Strike action, both large- and small-scale, was by no means uncommon during the First World War. The government had powers under the Defence of the Realm Act (DORA) to deal with labour unrest, and was eager to negotiate and prevent delays to the production of products vital to the war effort.
At the Vickers gun factory in Cumbria in March 1917, engineers protested against changes to their wages that they believed would leave them out of pocket. By April, the strike had not been resolved and government was ready to arrest the shop stewards. Though the strike was eventually resolved, its consequences were very serious for the war effort: it had caused a 2-3 week delay in guns being sent out from Barrow, delaying the delivery of 15 howitzers and as many as 42 other pieces of artillery. In the First World War the government had to focus on both maximising the productive capability of the country, but also maintaining decent industrial relations.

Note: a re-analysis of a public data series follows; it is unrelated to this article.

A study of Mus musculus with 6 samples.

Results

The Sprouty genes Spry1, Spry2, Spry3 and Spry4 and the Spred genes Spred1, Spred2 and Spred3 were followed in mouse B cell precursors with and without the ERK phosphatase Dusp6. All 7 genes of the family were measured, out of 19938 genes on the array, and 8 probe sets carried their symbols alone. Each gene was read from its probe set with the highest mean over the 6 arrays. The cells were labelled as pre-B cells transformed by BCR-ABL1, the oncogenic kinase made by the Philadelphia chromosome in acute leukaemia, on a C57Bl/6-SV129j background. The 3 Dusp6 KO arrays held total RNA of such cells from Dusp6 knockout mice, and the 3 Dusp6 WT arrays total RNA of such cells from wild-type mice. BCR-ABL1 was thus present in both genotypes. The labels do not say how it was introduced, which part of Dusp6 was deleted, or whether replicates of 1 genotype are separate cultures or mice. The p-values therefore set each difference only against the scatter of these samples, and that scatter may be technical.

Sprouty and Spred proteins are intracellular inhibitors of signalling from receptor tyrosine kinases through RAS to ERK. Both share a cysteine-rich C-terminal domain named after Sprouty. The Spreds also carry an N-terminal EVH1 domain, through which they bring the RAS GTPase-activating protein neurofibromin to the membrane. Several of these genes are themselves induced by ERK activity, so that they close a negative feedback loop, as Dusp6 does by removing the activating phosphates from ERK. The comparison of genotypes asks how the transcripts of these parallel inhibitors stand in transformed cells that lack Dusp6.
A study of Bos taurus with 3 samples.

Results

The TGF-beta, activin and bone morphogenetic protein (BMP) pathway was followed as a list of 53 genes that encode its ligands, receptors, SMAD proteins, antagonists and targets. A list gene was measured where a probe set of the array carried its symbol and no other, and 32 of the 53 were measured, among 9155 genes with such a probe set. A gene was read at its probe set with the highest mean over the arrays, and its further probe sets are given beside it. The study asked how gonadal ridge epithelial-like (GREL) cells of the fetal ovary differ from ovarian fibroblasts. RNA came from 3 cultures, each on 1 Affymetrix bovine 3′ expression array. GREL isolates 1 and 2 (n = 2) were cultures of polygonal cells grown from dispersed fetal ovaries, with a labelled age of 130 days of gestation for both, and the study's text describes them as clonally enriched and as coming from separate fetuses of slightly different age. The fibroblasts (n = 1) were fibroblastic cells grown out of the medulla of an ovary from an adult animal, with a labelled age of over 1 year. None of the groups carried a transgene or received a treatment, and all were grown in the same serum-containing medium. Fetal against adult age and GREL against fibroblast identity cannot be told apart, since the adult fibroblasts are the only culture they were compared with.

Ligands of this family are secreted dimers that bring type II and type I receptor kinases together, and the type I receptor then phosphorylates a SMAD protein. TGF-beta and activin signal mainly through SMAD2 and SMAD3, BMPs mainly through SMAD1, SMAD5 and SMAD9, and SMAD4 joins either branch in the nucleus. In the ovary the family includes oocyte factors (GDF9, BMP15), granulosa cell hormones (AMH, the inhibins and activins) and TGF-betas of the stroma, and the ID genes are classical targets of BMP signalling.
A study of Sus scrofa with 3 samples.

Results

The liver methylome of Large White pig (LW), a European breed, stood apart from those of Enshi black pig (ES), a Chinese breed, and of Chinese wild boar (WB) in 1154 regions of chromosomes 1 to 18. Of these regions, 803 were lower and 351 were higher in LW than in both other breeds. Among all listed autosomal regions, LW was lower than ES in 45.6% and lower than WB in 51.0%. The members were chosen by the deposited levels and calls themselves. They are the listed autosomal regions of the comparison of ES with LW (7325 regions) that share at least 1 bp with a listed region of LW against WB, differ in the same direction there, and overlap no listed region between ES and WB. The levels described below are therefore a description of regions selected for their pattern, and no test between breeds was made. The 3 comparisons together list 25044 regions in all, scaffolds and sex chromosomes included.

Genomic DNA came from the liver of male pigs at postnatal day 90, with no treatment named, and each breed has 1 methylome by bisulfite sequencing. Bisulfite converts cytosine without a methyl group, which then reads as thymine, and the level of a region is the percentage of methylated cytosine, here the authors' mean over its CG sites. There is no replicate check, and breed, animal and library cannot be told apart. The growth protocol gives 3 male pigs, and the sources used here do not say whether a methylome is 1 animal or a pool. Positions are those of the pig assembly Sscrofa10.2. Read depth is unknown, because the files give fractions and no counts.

Strikes in the First World War were, as today, usually about wages, but records from the Ministry of Munitions show a wide and sometimes surprising range of causes for industrial action. One set of workers at Roway Iron and Steel Works went on strike in protest against a tax levied on ginger beer, a drink ‘considered essential to their work’.
At a factory in Newcastle, two female workers were dismissed for wearing trousers outside the factory gates, prompting the 17 other women working at the firm to go on strike and subsequently be dismissed. They received some compensation after appealing to the government. There were also instances of male workers coming out of factories to strike in solidarity with female workers.
While workers in the First World War are often portrayed as patriotic and motivated by their desire to keep the country working, these examples highlight that many were also willing to exercise their rights to industrial action to protest against mistreatment and low wages.